Monday, November 5, 2012

It's Not Personal, It's Business

Dina here.

I'm going to expand on my previous post and talk about rejection.

It happens to EVERY WRITER. Every single writer gets a rejection letter for something at some point. Your favorite author? Rejected. Someone you know whose work is utterly brilliant and you can't in a million years see how they could ever be rejected? Yep, them too.

Even people who are already repped get rejections for some of their new ideas, so don't go thinking that once you're accepted by an agent everything is going to be fine and dandy and you'll never have to deal with rejection again. From bestselling novelists to not-yet-pubbed writers, rejection happens to everyone.

And you know what? To paraphrase The Godfather, "it's not personal, it's business."

The vast majority (and I'm talking like 99.8% here) of rejection letters aren't personal. Again, if you've made a complete ass out of yourself or are known to be a complete stalker jerkwad, there might be a bit of "personal" thrown into your rejection, but that's on you. You earned that. The rest of the time, though?

Strictly business. (We're not going to talk here about shit that should have been rejected outright/never have seen the light of day and was accepted instead of your shit. That's a blog post for another time.)

It's hard not to take it personally. Believe me, I know the feeling well. It's hard not to get discouraged. But take a long, hard look at your letter(s). If they're anything like "thank you but it's not right for me/my catalogue/etc." or "I don't believe I'm the best person to represent this" or "I didn't fall in love with this" or "I have to be very careful about the projects I take on and this just doesn't fit," here's a hint. These are FORM REJECTIONS.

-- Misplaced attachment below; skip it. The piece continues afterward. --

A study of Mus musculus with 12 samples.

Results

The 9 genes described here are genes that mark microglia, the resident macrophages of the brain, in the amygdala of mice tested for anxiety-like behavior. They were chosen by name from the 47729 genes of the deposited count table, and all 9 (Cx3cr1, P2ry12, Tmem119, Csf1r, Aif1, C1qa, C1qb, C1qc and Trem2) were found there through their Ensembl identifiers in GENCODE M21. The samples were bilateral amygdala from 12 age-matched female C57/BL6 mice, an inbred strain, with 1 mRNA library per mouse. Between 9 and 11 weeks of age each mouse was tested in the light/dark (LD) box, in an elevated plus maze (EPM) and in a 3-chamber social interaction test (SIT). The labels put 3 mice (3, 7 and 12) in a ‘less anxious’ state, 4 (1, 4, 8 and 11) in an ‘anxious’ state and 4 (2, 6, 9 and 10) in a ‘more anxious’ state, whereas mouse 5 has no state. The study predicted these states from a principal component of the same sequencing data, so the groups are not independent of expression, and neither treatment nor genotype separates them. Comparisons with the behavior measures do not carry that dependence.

Now, if your letter says something specific like, "I couldn't connect with the main character" or "I didn't understand _______" or "I love your voice and your concept but _______," these are generally personalized rejections. Now, "personalized" does not mean the rejection is personal. It means it was written specifically FOR you, not ABOUT you. That's the difference here.

A rejection letter is rejecting your WORK, not you as a person, and that's really what you have to keep in mind. I've read several blog posts lately from wannabe writers crying (angrily in some cases!) about how they've been rejected so many times and no one loves them and and and….

As I said before, if you've gotten more than 10 rejections, you might want to look to a few things. You don't just keep querying with your work thinking all is well. READ your rejections carefully. Form rejection? Okay. Suck, but okay. Try someone else until you hit double-digits. Once you hit double-digits, try revamping things. Your query letter, your work, your choice of agent…there's lots of things you can tinker with. Quick refresher from my previous post:

a)      the letter itself – it may not be effectively communicating your premise
b)     the project  - it may not be suitable for the house/agent you're querying
c)      your approach – there are reasons for submission guidelines. Follow them.

If it's a personalized rejection, PAY ATTENTION to what they say. If they say your voice needs work, study up and revise. If they say your pacing is slow, revise. If they say your concept is played out, revise (or trunk, or resub to someone else).

Upon rejection, allow yourself a day to mourn. It's a traumatic experience, form rejection or no. Do NOT post an angry rant NAMING THE AGENT on your blog. Do NOT upload your opus angrily to Createspace in an effort to "show them" (hint: they're not going to notice or care, I promise you).

Notice the part about anger up there. Yeah, rejection sucks. It always hurts no matter how gently it's done, and it's hard not to be angry about that. But SUCK IT UP and TRY HARDER. Try again.

Or don't. I mean, the less you try, the bigger chance someone else has to be accepted.